In fact, I could include a link to CDN just like I could with jQuery. There was no need to install transpilers or other system dependencies. Because all I’m looking for is a library to allow me to add some interactive components (e.g. nested forms, wizards, and interactive selections), Vue.js feels like the right tool for the job. For more reasons to choose Vue.js over the alternatives, you may want to check out this post.
Create a new Rails project:
$ rails new vue_example_app --webpack=vue
Or if you have an existing Rails app that has Webpacker installed run:
$ bundle exec rails webpacker:install:vue
This creates an
Once you’ve added that, be sure to start up the webpack dev server with:
For simplicity you may want to consider a tool like Foreman to manage spinning up both the Rails development server and the webpack server with a single command.
# Procfile web: bundle exec rails server -p \$PORT -e \$RACK_ENV webpack: bin/webpack-dev-server
Be sure to explicitly state the RACKENV in a .env file or Rails will complain about not being provided with a secretkey_base. To do this, add the following:
# .env RACK_ENV=development
Hello World from Webpacker
This message is being generated in
Add the following line:
This will append a message of “Hello Vue” to any view you render, but the message will not appear again if you navigate away, while using Turbolinks. We’ll fix this in the next section. To keep things organized, I recommend move
// Original import App from './app.vue'
// Revised import App from '../components/app.vue'
After making this change, you’ll need to restart the webpack dev server.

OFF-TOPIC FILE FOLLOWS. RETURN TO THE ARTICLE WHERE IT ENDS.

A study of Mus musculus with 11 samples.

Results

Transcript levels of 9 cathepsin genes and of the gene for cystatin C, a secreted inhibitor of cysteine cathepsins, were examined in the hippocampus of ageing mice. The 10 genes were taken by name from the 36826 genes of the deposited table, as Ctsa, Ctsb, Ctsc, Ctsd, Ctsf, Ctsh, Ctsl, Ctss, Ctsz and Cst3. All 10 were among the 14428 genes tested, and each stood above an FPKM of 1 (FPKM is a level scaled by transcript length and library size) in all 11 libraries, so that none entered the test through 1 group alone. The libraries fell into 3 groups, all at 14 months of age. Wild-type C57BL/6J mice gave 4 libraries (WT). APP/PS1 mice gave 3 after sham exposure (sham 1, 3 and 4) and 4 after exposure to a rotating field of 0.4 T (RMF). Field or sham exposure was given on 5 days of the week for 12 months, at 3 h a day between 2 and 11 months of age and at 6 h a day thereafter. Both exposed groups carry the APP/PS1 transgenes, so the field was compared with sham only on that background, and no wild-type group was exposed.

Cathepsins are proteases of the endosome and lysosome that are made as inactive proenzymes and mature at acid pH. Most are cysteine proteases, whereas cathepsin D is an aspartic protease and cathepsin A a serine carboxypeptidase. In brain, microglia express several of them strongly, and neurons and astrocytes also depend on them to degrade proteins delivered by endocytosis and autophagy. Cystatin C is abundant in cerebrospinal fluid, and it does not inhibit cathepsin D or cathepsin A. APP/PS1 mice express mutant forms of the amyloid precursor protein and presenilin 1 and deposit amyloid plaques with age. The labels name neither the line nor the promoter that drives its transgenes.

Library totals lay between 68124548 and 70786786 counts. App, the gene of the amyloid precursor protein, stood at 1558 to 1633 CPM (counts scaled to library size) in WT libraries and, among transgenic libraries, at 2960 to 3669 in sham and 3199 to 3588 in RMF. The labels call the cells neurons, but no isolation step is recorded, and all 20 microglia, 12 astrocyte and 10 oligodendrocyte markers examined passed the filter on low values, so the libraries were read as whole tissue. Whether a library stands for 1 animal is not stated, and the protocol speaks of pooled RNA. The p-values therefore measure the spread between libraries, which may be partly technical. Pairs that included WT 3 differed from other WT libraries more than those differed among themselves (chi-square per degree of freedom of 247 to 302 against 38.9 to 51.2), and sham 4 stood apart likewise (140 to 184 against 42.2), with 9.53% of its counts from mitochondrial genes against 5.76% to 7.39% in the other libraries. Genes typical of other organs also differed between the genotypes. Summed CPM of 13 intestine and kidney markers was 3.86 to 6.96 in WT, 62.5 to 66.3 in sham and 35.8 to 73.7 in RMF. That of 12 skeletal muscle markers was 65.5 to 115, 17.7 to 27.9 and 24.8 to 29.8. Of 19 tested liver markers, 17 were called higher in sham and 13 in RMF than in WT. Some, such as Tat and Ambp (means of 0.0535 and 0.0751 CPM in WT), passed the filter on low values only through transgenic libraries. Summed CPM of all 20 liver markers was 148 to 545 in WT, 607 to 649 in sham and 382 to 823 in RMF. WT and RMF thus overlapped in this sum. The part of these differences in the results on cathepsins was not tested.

Depending on your use case, it may or may not make sense to use Vue and Turbolinks together. If you’re building one page application, you want to opt for vue-router instead. For my application, I’m just adding a few Vue components for some added interaction. To make Vue and Turbolinks work side by side, I’m using
vue-turbolinks. To install this package, run the following and then restart your webpack dev server:
$ yarn add vue-turbolinks
Once you’ve installed vue-turbolinks, you need to enable it.
Now, that we have code triggered whenever we navigate using Turbolinks, let’s create a
div to bind our Vue application to. For sake of example, let’s use a DOM element with
At this point, nothing happens even if the necessary
div is present. This is because Vue package default to only including the “runtime-only” build, not the “standalone” build, which is necessary to target elements in existing HTML templates. If you’re interested in learning more about the differences, click here. Fortunately, the fix for this is simple:
// Old import Vue from 'vue'
// New import Vue from 'vue/dist/vue.esm'
Now everything should work as expected. Hope this helps you get up and running.